In 1994 when I first got my Ham license, most people I knew purchased an HT (handie-talkie) for their first radio due to the cost difference between HTs, mobile rigs or base stations. This was back when Radio Shack actually sold radios (don’t get me started here, I could write an entire post about this subject) The Radio Shack HTX-202 and HTX-404 models were still in production in 1994, so the 2M HTX-202 was the first radio I ever bought, and I paid around $150 for it. Most of the YaeComWood (got this term from another Ham) radios were $300-$400 minimum for HTs, and probably twice that for a decent mobile rig.
Today you can get entered into Ham Radio for much less money. Radio Shack no longer makes any Ham Radios at all, but the newest thing to hit the online and hamfest markets has been all of these Chinese radios. I was hesitant at first, but I have spoken to other Hams who use these radios, and read reviews online, and the general consensus is that these radios work quite well for the prices they draw. Sure, you aren’t going to get a $1000 Yaesu base station radio for $200 in a Chinese model, but you can get some decently priced FM radios for VHF and UHF ham use.
Here is a short list of what I have found. I own a couple of these, but I am planning to buy more also. The Wouxon and Baofeng HTs that I have work great, and I have no complaints.
Baofeng UV-5R Dual Band HT
$32 on Amazon for a dual-band radio. There really is no excuse anymore for avoiding this hobby because of pricing.
Wouxon KG-UVD1P Dual Band HT
$100 – I bought one of these at HamCom this year and paid $90 for it, including the software and programming cable. It feels more durable than the Baofeng radios, but is also a bit more bulky. It is still a nice, small HT size, though. Tx/Rx work great.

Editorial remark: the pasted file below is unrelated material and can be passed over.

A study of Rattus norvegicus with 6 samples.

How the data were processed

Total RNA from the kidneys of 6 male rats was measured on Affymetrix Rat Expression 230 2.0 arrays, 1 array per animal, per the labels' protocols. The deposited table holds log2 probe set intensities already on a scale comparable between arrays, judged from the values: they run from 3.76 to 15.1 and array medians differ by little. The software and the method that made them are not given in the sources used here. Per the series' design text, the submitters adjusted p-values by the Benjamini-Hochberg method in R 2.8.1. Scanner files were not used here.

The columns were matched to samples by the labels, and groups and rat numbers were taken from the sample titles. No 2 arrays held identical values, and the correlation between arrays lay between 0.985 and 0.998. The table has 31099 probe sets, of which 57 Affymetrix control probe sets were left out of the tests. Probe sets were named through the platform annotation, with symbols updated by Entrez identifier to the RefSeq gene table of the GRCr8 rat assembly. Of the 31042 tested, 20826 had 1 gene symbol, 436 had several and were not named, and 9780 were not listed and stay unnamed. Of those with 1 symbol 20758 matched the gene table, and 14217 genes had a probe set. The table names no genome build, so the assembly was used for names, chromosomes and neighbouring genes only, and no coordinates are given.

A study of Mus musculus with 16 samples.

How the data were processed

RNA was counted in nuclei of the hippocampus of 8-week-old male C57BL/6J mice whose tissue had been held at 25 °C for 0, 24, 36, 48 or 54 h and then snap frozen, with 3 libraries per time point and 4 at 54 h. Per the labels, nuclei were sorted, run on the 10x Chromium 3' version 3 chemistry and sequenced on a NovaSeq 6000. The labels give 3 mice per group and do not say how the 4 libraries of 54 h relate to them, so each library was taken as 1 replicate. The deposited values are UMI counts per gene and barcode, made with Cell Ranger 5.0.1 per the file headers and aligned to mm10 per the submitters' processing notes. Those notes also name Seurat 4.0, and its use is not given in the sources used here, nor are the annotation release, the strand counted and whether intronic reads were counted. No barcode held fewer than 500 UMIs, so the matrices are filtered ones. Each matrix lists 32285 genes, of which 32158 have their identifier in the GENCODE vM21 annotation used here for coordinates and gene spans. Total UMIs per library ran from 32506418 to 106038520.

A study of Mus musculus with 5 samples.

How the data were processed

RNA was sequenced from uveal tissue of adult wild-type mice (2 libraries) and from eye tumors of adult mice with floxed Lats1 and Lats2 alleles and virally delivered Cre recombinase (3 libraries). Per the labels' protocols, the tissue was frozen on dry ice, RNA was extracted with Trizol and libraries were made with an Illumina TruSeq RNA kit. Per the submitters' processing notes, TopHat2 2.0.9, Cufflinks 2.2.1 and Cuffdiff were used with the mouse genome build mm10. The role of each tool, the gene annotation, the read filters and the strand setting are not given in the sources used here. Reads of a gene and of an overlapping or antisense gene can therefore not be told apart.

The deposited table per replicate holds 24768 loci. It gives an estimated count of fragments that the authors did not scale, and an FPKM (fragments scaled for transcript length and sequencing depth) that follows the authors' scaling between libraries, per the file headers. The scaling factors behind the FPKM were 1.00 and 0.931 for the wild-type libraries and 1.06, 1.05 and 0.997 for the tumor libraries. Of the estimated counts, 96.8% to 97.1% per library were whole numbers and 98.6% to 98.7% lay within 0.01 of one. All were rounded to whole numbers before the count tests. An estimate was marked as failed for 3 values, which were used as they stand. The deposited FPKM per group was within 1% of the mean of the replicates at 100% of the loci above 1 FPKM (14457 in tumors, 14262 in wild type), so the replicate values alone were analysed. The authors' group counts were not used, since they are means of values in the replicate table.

No, this isn’t a Chinese radio, this is a real Kenwood. Less than $150 for a mono-band radio from Kenwood is a great deal. And 65 watts of power, too. I should buy one of these just to have it 😉
TYT TH-9000 Monoband Mobile Rig
$160 – This is Chinese language translation issues I am betting, but this radio comes in 3 different bands, yet the model number remains the same. All of them are TH-9000 models, but you can get one for 2M, 220MHz, or 440MHz. The VHF rigs do about 60 watts and the UHF rig does 45 watts. I don’t have one of these yet, but I plan to buy a 220MHz model soon. This is an UNHEARD OF way to get into 220MHz. You can’t find many radios for this band at all, and the ones that are out there are usually several hundred dollars more.
Anytone AT-5888UV Dual Band Mobile
This one is more than the rest, but a dual-band mobile rig for $300 isn’t bad at all. This radio will do 50 watts/40 watts on 2M/440, respectively. I am told that Anytone is soon releasing a tri-band radio that will include these 2 bands, plus the 220MHz band, and the price will remain close to what this radio is now. I expect that the price of this radio will drop after that release. I’ll be watching for news about this radio in the upcoming months.